Despite the proliferation of bedroom rockers with cracked laptop copies of Logic, there are plenty of producers recording the old-fashioned way–in studios. While there's nothing particularly old-fashioned about soundtrack-jazz-loving Jason Swinscoe, his latest filmic opus as Cinematic Orchetra, Ma Fleur (Domino)–which features guests as disparate as "Rescue Me" singer Fontella Bass and Lamb's Louise Rhodes–was made in more than a few studios around the world. We quizzed him on the most important things to remember when recording in multiple spaces. Above all, he says the most crucial factor is maintaining the right vibe. "A nice space, good acoustics, good studio engineer, and cool people," are essential, he explains. Here's what else he recommends.
I was recording various instruments at a studio in London. I brought all my gear for mapping out the session. The system at that studio wasn't calibrated; rather, I hadn't worked out what this actually meant. When I returned back to my studio excited to check out all the new recordings, they were at the wrong pitch and the wrong speed. I had the pleasure and fun of transferring all the files–many from 48Hz to the old-skool 44.1Hz.
Digital File Formats
It isn't as necessary to be so critical with which file type you bring or take from the studio. WAV, AIFF, or even SDII are all still prevalent across both platforms. WAV does, however, seem to be the standard.
When I move from studio to studio, it has become essential for me to record as clean and purely as possible. No reverb, unless it is just in the cans for the musicians or the vocalists. Otherwise, coloration, reflection, and rogue frequencies appear in the sounds and can give you some problems later on. It is always important to choose a good space for the specifics of the instrumentation you are recording.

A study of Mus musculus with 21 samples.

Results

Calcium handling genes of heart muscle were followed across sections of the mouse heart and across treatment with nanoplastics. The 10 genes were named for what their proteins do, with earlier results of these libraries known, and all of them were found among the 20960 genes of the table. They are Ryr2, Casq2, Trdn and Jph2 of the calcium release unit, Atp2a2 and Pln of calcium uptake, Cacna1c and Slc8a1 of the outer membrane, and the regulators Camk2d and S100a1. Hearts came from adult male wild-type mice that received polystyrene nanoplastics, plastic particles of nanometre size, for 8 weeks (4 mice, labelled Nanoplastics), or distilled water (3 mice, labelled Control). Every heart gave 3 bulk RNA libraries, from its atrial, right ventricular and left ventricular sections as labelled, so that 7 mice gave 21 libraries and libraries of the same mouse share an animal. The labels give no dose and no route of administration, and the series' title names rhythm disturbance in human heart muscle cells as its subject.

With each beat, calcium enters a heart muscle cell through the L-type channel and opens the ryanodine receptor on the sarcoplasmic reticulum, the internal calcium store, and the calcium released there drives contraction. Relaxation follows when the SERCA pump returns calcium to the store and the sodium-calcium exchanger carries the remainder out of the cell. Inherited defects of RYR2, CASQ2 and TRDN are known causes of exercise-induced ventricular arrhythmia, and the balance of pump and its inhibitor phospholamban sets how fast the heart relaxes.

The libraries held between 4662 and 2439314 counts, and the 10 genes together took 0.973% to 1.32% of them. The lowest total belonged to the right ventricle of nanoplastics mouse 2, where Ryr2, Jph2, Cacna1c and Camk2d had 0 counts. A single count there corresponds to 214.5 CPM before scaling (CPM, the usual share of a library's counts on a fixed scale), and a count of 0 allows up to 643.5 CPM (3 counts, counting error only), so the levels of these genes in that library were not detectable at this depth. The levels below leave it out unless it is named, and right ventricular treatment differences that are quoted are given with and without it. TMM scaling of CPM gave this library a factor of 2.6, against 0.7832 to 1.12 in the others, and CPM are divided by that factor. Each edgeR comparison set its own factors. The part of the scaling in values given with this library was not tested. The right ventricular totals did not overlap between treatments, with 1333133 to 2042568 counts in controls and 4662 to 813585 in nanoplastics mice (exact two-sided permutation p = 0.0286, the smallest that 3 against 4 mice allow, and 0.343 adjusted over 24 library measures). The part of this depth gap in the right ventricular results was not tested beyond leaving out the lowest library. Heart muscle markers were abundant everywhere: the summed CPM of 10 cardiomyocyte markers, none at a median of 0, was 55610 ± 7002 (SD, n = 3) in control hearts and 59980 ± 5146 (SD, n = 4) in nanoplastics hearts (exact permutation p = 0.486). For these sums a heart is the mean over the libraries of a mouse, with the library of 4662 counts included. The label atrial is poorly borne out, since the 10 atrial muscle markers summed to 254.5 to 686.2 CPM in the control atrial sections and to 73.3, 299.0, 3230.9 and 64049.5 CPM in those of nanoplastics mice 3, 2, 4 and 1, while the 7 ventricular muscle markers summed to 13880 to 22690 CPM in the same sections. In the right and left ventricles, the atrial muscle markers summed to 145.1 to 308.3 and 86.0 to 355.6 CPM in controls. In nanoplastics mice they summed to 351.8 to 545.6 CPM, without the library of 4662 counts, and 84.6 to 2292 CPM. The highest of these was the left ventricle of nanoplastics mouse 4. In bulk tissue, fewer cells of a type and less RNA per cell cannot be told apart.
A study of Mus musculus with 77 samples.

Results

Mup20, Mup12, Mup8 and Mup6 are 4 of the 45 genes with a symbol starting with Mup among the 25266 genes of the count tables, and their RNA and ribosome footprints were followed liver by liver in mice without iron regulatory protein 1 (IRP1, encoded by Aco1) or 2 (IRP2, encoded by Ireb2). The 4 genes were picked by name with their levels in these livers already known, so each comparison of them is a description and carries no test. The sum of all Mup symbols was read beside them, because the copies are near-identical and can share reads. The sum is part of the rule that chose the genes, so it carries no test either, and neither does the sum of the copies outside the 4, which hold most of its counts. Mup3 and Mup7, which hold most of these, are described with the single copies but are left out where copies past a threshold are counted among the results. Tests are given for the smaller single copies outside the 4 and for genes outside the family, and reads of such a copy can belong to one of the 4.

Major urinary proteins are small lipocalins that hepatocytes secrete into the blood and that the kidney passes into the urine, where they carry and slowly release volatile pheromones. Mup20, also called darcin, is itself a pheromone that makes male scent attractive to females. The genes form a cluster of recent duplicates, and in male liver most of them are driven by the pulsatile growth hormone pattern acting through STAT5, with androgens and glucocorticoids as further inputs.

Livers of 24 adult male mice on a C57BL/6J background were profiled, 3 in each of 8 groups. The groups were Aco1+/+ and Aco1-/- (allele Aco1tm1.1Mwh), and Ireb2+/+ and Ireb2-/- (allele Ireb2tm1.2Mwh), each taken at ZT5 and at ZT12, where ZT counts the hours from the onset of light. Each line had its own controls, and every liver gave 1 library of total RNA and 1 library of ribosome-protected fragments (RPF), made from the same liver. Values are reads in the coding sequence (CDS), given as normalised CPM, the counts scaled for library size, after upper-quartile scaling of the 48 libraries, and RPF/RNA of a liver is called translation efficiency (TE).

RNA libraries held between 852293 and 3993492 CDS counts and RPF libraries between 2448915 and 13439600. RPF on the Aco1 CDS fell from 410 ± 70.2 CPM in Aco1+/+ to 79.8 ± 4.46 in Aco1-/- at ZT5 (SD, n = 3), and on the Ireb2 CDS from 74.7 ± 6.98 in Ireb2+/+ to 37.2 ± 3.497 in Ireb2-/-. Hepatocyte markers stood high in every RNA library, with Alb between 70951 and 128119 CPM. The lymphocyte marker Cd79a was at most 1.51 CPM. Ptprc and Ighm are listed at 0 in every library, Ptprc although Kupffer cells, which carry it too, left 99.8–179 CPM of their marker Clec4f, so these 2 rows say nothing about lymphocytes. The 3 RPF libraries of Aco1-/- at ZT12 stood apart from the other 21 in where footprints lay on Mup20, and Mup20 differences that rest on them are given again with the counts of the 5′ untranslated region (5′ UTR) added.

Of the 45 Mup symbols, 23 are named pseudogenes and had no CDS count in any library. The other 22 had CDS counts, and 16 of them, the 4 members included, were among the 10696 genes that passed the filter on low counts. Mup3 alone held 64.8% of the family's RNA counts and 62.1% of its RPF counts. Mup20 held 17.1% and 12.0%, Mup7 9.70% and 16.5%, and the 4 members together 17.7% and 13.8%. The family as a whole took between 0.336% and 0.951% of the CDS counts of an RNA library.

My engineer brings much of his own gear, especially microphones. This helps in keeping the sound consistent. Specific microphones have shown to be great at capturing specific qualities in my various acoustic instruments. When you bring your own mics and refine your techniques, then you'll have a fighting chance at capturing whatever you are hearing. The other part of this process is working out what good mic pre-amps the studio has invested in.
Always bring your own. Make sure you take the session and the files away with you. It can be important as a reminder of what was actually happening. You will need to have a version of the software that the session was recorded onto (in pro studios, usually Pro Tools). If you don't, then make notes on where a good take was, a specific riff you heard, or start points that need matching. If you just take the files away from the session, then make sure all are bounced down starting at bar one. This way you won't drive yourself crazy trying to match up takes.